Let’s face it, Joyner’s probably not the least bit fazed about losing this market but the black community will feel a much greater void. Some Urban Adult formats really do need to be revitalized in order to gain more appeal but that’s a story I have not written yet.
Harrisburg PA urban adult radio lovers are about be ‘out of Touch,’ (no pun intended) as 95.3 FM‘s impending format switch to ESPN will leave a hole in the local African-American community’s information and urban radio pipeline. ESPN Radio’s all-sports format starts this Thursday wrapping almost a 20 year run of adult R&B hits as well as syndicated national personalities Tom Joyner and Doug Banks.
The change means not only the loss of the Harrisburg market’s only R&B station, but also the elimination of some local programming aimed at the black community, including “Gospel Cavalcade Live,” a four-hour show that was broadcast Sunday mornings. The final show aired Sunday.
“It’s going to leave a void,” said Kirsten N. Keys, who co-hosted the show for many years with her father, the late Olin Harris Sr., and her son, Christopher Olin Harris. “We provided a time when families could gather for worship, but we also provided a critical flow of information to the community.”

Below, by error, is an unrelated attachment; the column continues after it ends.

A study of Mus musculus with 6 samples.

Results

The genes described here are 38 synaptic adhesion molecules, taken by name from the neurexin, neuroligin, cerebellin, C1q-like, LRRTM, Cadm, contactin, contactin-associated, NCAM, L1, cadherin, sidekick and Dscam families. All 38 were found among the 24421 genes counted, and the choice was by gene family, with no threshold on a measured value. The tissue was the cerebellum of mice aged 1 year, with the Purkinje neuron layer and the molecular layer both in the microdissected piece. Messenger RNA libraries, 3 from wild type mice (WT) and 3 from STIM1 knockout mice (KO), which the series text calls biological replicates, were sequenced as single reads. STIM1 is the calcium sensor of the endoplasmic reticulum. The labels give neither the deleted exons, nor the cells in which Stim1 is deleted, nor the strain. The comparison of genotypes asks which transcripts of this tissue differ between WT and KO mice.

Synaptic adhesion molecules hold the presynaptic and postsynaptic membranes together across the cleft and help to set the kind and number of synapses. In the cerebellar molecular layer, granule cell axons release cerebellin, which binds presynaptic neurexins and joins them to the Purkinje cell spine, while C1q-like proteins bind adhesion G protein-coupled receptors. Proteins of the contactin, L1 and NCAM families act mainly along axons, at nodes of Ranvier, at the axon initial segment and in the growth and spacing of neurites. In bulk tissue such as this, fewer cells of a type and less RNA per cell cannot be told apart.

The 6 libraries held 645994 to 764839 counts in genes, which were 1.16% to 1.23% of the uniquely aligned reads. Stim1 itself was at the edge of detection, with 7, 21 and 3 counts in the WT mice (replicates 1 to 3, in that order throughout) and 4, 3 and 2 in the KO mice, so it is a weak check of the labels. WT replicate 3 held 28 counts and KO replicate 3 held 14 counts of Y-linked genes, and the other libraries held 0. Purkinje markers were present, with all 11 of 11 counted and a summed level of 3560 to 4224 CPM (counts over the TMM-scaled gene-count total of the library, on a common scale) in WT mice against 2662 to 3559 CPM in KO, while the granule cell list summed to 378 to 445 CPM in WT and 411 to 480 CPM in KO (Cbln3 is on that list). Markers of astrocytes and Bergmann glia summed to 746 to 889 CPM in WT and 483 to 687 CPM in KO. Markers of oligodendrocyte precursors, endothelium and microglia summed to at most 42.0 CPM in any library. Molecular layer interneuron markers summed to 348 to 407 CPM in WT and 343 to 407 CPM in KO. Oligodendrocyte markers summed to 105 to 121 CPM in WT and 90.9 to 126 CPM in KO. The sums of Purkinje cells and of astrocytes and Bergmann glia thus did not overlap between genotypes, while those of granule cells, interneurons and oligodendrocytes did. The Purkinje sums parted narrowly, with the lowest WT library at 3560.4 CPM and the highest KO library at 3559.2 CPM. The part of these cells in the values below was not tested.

Keys, who recorded the on-air announcement of the format change, said the station provided forums for political candidates to share their views, as well as providing information about community events and issues of importance to the minority community.
“We all realize that in this economy, it’s difficult,” she said. “We’ve been trying to adjust for three years, but the lack of support from sponsors and advertisers creates a trickle-down effect. We all took pay cuts.”
Station manager Ron Giovanniello acknowledged the loss of the station’s community role, but said the decision to change formats was mandated by economic issues.
“Yes, The Touch has played an important role for the past 18 years in the local African-American community, and that aspect will unfortunately be lost with this change,” Giovanniello said in an email to The Patriot-News on Monday. “In the end, The Touch was/is a business … and like any business, it cannot survive without the support of enough customers, in this case advertisers and sponsors.”
“We feel we have tried our best,” Giovanniello wrote, “and the lack of support from the business community is a clear indication from the marketplace that it was time to make a change. This is strictly a business decision.”